Tuesday, January 12, 2010

Tainting the Beautiful Game

The past weekend was a harrowing one for African football and Africa in general. Just to think it was all supposed to be about  the mounting excitement in anticipation of the glorious Africa Cup of Nations. 

Yet, last Friday, disaster struck with  the tragic attack by gunmen on the Togolese national football. Three people were left dead and several wounded. Some onlookers were learning for the first time about the existence of the volatile Angolan enclave of Cabinda while others (I'm sure)  were discovering that 'Angola' did not only refer to the Louisiana State Penitentiary




 Togo Team Captain Emmanuel Adebayor 

Source: The Gunning Hawk  

I felt particularly saddened for a number of reasons. Aside from the needless loss of life there is the fact that Togo is our neighbour. Also, I can't help but feel bad for my Angolan friends who were excited that a positive spotlight  was to be shone on their re-emergent and rebuilt  nation. Finally, (completely frivolously), I have a huge crush on the young 6 ft 3  captain of the Togo national team Emmanuel Adebayor who remains *divine* despite his antics on the field.
    The future father of my children Adebayor in a misunderstanding with his former Arsenal teammate  van Persie
    Source: thisislondon.co.uk



    My entire weekend was spent following whether Togo would stay on BBC and Twitter. It has now become apparent that Togo is out of the Africa Cup of Nations  but there are a couple of issues that are still bothering me:


    Why were Togo traveling by road despite the  supposedly well-documented insurgency problem in the area?

    • The English Premier League and Ownership
    For years some English Premiership club bosses have disliked the Africa Cup of Nations because it involves releasing 'their' African players for national duties in the middle of the football season. After the  tragic incident , the manager of the premiership team Hull City Phil Brown made the shamelessly opportunisitic move of the weekend by demanding that 'his' players should come back 'home' to England. He was not the only one. This got me really confused. Don't these players have national allegiances first and foremost?

    Secondly, do the clubs actually own these players body and soul? Is English premiership football akin to slavery? Extremely well-paid slavery that is. Luckily, other managers such as Arsene Wenger of (my) Arsenal have alot more perspective as well as respect for African football.


    The delightful Phil Brown of Hull City is also one of the people making the curious link that the attacks in Angola somehow have implications for World Cup security in South Africa. I could have sworn that there were 1000s of miles between Cabinda and South Africa but I may be wrong.


      Mr. Phil Brown of Hull City himself

    Source: thisislondon.co.uk

    If we were to equate events in Cabinda to security fears in South Africa, then that would mean the greatest threat would be from insurgents operating in the Republic of South Africa.  Of course the only separatists existing in South Africa are White supermactists agitating for a self-governing white homeland. Fascinating. Hopefully they don't have plans to taint The Beautiful Game.

    10 comments:

    Lady Jaye said...

    Don't worry - if they try anything, we'll just send dome of the villains from criminal minds after them. That should take care of things!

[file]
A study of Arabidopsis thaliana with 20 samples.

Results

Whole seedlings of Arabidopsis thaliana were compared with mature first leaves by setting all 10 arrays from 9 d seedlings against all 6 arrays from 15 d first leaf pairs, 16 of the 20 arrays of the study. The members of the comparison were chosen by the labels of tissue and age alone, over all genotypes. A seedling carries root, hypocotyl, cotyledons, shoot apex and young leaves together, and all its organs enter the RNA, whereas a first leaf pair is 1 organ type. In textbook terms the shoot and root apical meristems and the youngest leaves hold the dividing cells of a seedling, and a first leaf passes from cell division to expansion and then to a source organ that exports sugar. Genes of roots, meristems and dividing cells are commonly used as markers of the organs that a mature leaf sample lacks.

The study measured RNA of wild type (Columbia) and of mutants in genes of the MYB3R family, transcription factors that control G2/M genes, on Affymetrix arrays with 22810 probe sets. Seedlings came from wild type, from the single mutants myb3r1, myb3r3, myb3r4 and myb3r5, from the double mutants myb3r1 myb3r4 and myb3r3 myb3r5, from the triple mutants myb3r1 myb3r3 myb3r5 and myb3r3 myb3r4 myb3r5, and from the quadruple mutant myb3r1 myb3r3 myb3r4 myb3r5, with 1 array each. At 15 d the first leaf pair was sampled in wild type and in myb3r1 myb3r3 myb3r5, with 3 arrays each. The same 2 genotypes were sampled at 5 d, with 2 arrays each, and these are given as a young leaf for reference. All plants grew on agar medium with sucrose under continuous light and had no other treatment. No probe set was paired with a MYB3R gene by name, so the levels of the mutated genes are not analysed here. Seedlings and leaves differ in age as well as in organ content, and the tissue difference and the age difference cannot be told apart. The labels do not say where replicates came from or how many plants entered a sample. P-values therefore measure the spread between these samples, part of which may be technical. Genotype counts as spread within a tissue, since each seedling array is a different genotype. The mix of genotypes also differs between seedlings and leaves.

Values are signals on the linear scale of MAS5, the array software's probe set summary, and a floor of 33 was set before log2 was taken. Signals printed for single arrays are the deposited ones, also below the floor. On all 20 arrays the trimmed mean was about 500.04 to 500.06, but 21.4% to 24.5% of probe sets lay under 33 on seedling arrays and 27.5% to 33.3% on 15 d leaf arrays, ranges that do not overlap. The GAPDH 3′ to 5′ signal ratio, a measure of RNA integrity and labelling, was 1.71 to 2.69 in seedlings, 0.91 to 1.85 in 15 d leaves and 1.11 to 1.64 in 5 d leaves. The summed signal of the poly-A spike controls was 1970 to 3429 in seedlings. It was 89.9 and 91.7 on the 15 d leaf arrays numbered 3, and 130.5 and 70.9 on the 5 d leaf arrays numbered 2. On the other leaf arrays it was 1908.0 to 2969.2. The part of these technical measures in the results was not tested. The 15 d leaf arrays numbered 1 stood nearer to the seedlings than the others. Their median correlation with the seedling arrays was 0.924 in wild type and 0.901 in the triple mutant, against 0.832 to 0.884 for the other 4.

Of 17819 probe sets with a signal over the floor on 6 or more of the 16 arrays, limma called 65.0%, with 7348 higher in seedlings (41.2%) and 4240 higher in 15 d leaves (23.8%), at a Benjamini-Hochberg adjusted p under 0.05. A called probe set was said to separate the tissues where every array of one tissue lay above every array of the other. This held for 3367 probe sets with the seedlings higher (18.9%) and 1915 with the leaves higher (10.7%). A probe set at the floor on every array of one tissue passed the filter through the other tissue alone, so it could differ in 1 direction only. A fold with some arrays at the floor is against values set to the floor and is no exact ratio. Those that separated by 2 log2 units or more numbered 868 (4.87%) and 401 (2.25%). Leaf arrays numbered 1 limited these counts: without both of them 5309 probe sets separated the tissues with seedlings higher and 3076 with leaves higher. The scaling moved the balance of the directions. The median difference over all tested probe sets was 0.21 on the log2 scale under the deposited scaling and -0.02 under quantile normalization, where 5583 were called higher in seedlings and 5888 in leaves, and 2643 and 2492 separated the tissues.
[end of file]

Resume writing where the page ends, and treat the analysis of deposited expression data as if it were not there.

Abena Serwaa said...

    Hehehehe interesting one Lady Jaye..Wouldn't it be great if they were available?

    Raine said...

    Very sad indeed! And I just found out the attack actually didn't happen in Angola?? Either way, still sad.


    Side note- is it me or does your crush look like he is getting ready to stomp the living daylight out of the guy on the ground??

    novisi said...

    all i can say is: terrible!!!

    Nana Yaa Boatemaa said...

    Abena, I share your sentiments on this. The attack on the Togo team has definitely put a damper on the excitement surrounding the African Cup. It's so unfortunate.

    Maya Mame said...

    Oh Abena Serwaa, I didn't think I could like you more but to hear that you're a fellow Gunner just made me do just that!

    Apart from being very sad, it is so typical that something like this would happen when Africa is finally seen in a positive light, but more annoyingly, it is typical that links would be made to South Africa from this!

    Then again, if George W Bush thinks Africa is a country, I guess we shouldn't be surprised by others thinking and talking in a similarly pea-brained manner.

    Abena Serwaa said...

    @Raine The attack did happen in Angola since Cabinda is Angolan territory even though it is not attached to the mainland. Alas, my Adebayor did stomp all over his former best friend Robin van Persie. I've seriously been contemplating the 'anger management issues' my kids may inherit from their dad but I suppose it all boils down to nature versus nurture!

    Abena Serwaa said...

    @Novisi indeed terrible! Imagine this had happened in Ghana in 2008..btw, good to see u back in the blogosphere.

    Abena Serwaa said...

    @Nana Yaa, indeed..even after the games have started the world's focus is still on the attacks and rightfully so. BTW, Even though I'm a football fan-atic I've not caught most of games but have heard some strange results.

    Abena Serwaa said...

    @Maya Mame, In a Ghana dominated by blues and red devils, I'm delighted to hear u're a Gunner! *Yay* Good taste. U're spot on (of course) about the country of Africa phenomenon. I also think the international media is perpetuating the stereotype and feeding the 'unsafe country of Africa' notion.